The Caliphal Baths are Arab baths in Córdoba. They are situated in the historic centre which was declared a World Heritage Site by UNESCO in 1994. The hammam ('baths) are contiguous to the Alcázar andalusí; ablutions and bodily cleanliness were an essential part of a Muslim's life, mandatory before prayer, besides being a social ritual.
The baths were constructed in the 10th century, under the Caliphate of Al-Hakam II for the enjoyment of the caliph and his court. Between the 11th and 13th centuries, they were used by Almoravids and Almohads, their dynasties noted by the plaster-carved acanthus motif and epigraphic bands of the era, which are stored in the Archaeological and Ethnological Museum of Cordoba. The remains of the baths were found accidentally in 1903 in the Campo Santo de los Mártires, and were subsequently buried. Between 1961 and 1964, a group of city historians recovered them.
The Caliphal Baths have different sections of cold, warm and hot water baths. Architectural details include rooms with masonry walls, semicircular arches, and columns with capitals. The ceiling is punctuated by cut-outs of stars.References:
The Castle of Gruyères is one of the most famous in Switzerland. It was built between 1270 and 1282, following the typical square plan of the fortifications in Savoy. It was the property of the Counts of Gruyères until the bankruptcy of the Count Michel in 1554. His creditors the cantons of Fribourg and Bern shared his earldom. From 1555 to 1798 the castle became residence to the bailiffs and then to the prefects sent by Fribourg.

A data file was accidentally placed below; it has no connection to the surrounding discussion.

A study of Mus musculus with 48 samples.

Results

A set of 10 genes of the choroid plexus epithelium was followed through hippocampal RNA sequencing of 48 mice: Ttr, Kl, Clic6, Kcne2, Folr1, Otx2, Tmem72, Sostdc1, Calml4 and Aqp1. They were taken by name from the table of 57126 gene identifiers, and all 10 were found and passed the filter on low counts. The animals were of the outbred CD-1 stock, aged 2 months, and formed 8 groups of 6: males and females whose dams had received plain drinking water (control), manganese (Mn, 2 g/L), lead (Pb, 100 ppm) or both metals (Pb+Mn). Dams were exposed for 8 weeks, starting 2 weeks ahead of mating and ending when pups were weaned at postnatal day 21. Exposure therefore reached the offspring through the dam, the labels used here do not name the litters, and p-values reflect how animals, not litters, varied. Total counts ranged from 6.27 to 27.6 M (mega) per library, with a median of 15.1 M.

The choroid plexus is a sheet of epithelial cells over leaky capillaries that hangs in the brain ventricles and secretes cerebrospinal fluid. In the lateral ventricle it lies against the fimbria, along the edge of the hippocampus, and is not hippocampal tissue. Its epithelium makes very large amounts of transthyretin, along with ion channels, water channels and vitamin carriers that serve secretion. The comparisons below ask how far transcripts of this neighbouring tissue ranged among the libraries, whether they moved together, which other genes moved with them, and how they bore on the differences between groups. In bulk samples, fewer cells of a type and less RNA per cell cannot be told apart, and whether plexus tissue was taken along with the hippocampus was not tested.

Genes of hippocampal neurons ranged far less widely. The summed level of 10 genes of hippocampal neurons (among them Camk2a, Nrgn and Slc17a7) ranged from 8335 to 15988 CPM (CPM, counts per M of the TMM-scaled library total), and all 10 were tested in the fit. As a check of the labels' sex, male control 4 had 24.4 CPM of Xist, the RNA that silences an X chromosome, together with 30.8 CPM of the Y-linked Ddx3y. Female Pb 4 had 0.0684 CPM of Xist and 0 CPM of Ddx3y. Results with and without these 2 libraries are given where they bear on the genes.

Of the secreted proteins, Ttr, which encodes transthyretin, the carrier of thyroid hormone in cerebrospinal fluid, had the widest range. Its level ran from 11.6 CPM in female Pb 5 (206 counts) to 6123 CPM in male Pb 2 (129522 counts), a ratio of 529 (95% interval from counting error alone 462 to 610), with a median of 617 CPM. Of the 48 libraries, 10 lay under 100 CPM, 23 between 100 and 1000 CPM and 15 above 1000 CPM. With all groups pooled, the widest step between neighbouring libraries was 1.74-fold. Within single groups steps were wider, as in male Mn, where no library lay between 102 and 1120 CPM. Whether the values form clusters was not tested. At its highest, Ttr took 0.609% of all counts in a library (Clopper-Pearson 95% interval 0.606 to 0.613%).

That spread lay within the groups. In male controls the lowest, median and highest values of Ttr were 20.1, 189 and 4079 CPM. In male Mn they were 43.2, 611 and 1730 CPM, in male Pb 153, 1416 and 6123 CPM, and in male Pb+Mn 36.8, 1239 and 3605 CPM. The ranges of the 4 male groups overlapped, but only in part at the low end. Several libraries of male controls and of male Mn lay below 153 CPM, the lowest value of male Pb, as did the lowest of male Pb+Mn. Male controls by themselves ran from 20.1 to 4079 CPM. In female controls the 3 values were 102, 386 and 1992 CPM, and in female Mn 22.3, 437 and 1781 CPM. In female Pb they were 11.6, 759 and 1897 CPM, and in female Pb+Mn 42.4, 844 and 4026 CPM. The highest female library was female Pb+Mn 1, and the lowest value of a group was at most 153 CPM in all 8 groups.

In 1849 the castle was sold to the Bovy and Balland families, who used the castle as their summer residency and restored it. The castle was then bought back by the canton of Fribourg in 1938, made into a museum and opened to the public. Since 1993, a foundation ensures the conservation as well as the highlighting of the building and the art collection.
The castle is the home of three capes of the Order of the Golden Fleece. They were part of the war booty captured by the Swiss Confederates (which included troops from Gruyères) at the Battle of Morat against Charles the Bold, Duke of Burgundy in 1476. As Charles the Bold was celebrating the anniversary of his father's death, one of the capes is a black velvet sacerdotal vestment with Philip the Good's emblem sewn into it.
A collection of landscapes by 19th century artists Jean-Baptiste-Camille Corot, Barthélemy Menn and others are on display in the castle.